Six construction workers were killed March 22 when a car crashed into their work zone along the left side of the northbound inner loop of I-695 in Woodlawn, Maryland.
According to Maryland State Police, a driver of an Acura TX tried to change lanes at about 12:30 p.m. when her car struck the front quarter panel of a 2017 Volkswagen in the adjacent lane. The Acura then spun out of control and went crashing into the work zone in an opening in the concrete barriers. Six contract highway workers were killed.
The victims, which included a father and son, are identified as:
- Mahlon Simmons III, 31, of Union Bridge
- Mahlon Simmons II, 52, of Union Bridge
- Rolando Ruiz, 46, of Laurel
- Carlos Orlando Villatoro Escobar, 43, of Frederick
- Jose Armando Escobar, 52, of Frederick
- Sybil Lee Dimaggio, 46, of Glen Burnie
The driver of the Acura, Lisa Adrienna Lea, 54, of Randallstown, was transported to the R. Adams Cowley Shock Trauma Center where she is being treated for her injuries, according to police. She was the only occupant in the vehicle.
The driver of the Volkswagen stopped north of the scene on I-695 where his car became disabled. The driver did not report any injuries.
Investigators from the Maryland Department of Transportation Occupational Safety Office, Maryland Department of Labor Occupational Safety and Health, and the National Transportation Safety Board (NTSB) are working in coordination with the Maryland State Police Crash Team, police say.
After the investigation is completed, the Crash Team will submit its findings to the Baltimore County State’s Attorney’s Office for review to determine whether charges will be filed.
The NTSB says its investigation will focus on issues relating to speeding, work zone protection for construction workers and collision-avoidance technology. The agency says the majority of its fatal accident investigations are completed in 12 to 24 months, and a preliminary report is expected in about three weeks.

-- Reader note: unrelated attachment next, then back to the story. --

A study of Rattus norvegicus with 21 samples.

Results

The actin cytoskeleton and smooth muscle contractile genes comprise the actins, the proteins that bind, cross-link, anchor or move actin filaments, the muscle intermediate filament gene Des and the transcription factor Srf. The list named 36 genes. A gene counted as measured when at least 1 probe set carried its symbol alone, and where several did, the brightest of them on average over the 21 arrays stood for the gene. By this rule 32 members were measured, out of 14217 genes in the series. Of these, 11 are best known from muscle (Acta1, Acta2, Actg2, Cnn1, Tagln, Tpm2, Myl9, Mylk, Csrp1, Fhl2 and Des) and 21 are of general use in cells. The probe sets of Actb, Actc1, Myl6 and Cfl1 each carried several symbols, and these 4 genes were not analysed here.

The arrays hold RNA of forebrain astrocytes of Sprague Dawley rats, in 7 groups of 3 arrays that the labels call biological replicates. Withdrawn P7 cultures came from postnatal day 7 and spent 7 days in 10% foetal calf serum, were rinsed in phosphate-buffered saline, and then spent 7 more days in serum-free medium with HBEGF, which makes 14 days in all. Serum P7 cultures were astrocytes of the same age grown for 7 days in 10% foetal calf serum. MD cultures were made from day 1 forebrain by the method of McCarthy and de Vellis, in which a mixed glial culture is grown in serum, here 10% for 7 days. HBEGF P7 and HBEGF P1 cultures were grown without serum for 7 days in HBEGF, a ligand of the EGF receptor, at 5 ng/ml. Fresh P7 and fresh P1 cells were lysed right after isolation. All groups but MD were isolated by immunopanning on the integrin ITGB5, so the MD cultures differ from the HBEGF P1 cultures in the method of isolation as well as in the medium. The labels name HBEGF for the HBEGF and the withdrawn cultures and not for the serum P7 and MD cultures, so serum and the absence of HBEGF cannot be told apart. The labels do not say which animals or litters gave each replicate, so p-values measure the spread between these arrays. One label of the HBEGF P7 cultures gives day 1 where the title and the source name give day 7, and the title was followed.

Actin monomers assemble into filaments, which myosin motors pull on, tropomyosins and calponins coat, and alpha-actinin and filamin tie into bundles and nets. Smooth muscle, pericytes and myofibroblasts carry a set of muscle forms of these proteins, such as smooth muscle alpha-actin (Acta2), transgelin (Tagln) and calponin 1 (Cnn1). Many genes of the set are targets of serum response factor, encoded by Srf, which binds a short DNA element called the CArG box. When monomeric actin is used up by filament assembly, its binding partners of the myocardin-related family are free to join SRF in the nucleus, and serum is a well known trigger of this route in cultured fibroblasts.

National Work Zone Awareness Week
The fatal crash comes a month ahead of the annual National Work Zone Awareness Week, which is April 17-21.
The event has been held each spring since 1999 by the Federal Highway Administration, the American Association of State Highway and Transportation Officials (AASHTO) and the American Traffic Safety Services Association (ATSSA) to spread awareness about work zone safety.
According to the National Work Zone Safety website, fatal work zone crashes have risen 46% between 2010 and 2020. There were 774 fatal work zone crashes in 2020, killing 857 people. Of those, 117 were workers, and 51 of them were pedestrians at work, such as those killed in the March 22 I-695 crash. The website reports that more than 44,000 people were injured in work zone crashes in 2020.
The safety week highlights the dangers of inattention in highway work areas. The 2023 weeklong commemoration includes:
- Work Zone Safety Training Day – April 17
- National kickoff event – April 18
- Go Orange Day – April 19
- Social media storm – April 20
- Moment of Silence – April 21
Tips on work zone safety
These tips on work zone driving safety are from the FHWA:
- Plan Ahead. Before traveling, look up the latest traffic conditions on the route you plan to take. Information on active work zones is available from many agency and private-sector websites, apps and on social media to help you plan your trip, and possibly avoid work zones altogether.
- Minimize Distractions. Be aware of your surroundings, avoid changing radio stations and put your phone away when driving through a work zone. Work zones can change daily, so anticipate new traffic patterns and look out for other drivers and road users.
- Look Out for Workers. In 2020, 117 workers died in highway work zones.
- Check Your Speed. Obey posted work zone speed limits, look out for stopped or slow traffic and maintain a safe following distance from the vehicle in front of you to reduce the risk of crashes with other vehicles and with highway workers.
- Be Careful Around Large Vehicles. Large vehicles can be harder to maneuver and slower to respond, so avoid making sudden lane changes in front of trucks or buses and look out for construction vehicles.
- Be Prepared for Sudden Stops. Work zones sometime cause congestion, delays and traffic jams. Be alert and watch for sudden stops. In 2020, 20 percent of all fatal work zone crashes involved rear-end collisions.
- Read the Signs. Signs provide guidance to road users of traffic laws or regulations within the work zones. Remember that signs, cones, barrels and flaggers are there to help maneuver you safely through the work zone.
- Do Your Part. Everyone is responsible for doing all we can to work together and ensure we all stay safe.